The term cellar spiders refers to a common group of spiders that have small bodies and long legs. They prefer damp places, such as basements, crawlspaces, closets, attics, pantries and warehouses. They also sometimes live outside, such as in caves or rock piles. Cellar spiders aren't poisonous, but their large, messy, cobweb-like webs may become annoying. Infestations of cellar spiders typically occur when a home has a large population of other insects.
Appearance and Behavior
Cellar spiders belong to the family Pholcidae; about 20 species of cellar spiders live in the U.S. Cellar spiders are classified as short-bodied or long-bodied. Short-bodied cellar spiders have legs that are approximately 5/16 inch long, while long-bodied cellar spiders have legs about 2 inches long. The spiders resemble daddy long legs. They hang upside down from their massed, messy webs, which they often build in corners, until an insect wanders into the webs. The cellar spider then shakes the web to trap the insect further.
Cellar spiders aren't poisonous or harmful. They don't bite humans, and although their webs can be a nuisance, occasionally encountering a cellar spider isn't cause for concern. In fact, they may help control the populations of other nuisance insects, such as flies, mosquitoes and moths. If you have a large amount of cellar spiders in your home, however, you can reduce the infestation with nonchemical and chemical means of control.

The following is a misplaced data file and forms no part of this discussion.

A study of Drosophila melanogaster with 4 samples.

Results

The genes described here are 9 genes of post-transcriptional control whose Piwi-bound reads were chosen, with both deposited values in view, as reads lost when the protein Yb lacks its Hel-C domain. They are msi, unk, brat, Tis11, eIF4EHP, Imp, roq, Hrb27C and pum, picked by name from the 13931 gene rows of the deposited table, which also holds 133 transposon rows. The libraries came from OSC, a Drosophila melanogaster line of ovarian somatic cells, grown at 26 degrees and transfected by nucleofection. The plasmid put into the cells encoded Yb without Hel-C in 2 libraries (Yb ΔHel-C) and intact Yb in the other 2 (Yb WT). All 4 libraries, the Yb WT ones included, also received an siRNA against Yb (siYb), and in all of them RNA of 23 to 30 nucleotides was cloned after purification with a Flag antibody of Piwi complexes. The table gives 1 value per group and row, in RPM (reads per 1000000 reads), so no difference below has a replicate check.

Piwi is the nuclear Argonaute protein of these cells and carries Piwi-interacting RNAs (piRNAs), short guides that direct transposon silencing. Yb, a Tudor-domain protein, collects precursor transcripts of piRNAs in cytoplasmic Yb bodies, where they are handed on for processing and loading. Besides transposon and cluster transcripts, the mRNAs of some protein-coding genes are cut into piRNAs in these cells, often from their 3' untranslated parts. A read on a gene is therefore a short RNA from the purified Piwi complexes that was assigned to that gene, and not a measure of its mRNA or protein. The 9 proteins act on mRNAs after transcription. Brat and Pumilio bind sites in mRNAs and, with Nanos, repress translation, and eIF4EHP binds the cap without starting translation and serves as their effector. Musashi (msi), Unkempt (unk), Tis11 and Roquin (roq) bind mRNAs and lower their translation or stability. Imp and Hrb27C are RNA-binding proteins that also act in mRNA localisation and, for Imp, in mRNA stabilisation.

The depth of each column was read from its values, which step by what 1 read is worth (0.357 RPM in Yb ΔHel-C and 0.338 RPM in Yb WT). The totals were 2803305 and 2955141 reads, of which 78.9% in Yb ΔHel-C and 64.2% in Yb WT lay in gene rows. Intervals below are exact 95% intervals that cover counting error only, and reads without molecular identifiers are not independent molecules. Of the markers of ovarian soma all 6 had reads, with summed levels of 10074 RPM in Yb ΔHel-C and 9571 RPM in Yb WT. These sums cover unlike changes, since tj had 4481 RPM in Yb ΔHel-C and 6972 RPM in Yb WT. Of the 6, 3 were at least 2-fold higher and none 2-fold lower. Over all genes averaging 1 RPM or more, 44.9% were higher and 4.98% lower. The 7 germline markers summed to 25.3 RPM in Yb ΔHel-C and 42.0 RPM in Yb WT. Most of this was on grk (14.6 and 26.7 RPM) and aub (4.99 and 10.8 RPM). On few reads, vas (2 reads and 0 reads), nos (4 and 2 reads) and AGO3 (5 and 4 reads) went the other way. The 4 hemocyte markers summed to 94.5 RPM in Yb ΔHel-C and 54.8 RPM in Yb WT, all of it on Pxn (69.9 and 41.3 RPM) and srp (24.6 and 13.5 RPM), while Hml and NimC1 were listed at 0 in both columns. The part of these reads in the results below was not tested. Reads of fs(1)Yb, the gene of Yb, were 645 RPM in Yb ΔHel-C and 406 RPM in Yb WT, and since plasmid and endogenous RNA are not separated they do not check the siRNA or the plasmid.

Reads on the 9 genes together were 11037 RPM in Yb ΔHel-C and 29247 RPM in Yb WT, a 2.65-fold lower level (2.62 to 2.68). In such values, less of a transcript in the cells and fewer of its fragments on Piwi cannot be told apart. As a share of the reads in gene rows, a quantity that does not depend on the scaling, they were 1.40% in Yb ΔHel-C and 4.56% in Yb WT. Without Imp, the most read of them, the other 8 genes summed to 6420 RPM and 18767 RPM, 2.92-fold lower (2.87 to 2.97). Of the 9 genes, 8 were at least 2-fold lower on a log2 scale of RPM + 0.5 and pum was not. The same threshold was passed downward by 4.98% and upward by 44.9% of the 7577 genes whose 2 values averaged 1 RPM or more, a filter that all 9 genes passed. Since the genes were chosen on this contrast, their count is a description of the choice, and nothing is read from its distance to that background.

If you have a lot of cellar spiders in your home and want to get rid of them, begin by removing the webs with a broom or vacuum. Next, take steps to reduce the insect population of your home, which provides prey for the spiders. For example, keep your home clean, lower the humidity and replace exterior white lighting with sodium vapor lighting. Sealing cracks in your foundation and in doors and windows also helps to keep spiders out.
Insecticides labeled as appropriate for eliminating cellar spiders can also be used to help control an infestation of spiders. However, insecticides are not a replacement for good sanitation practices, and without proper sanitation, spiders and insects will quickly return. Use nonchemical control methods before using insecticides, and only use insecticides if nonchemical means of control do not work. If you use insecticides, read the label directions carefully before use, and follow all safety precautions. Consider contacting a licensed pest control company for assistance in controlling large infestations.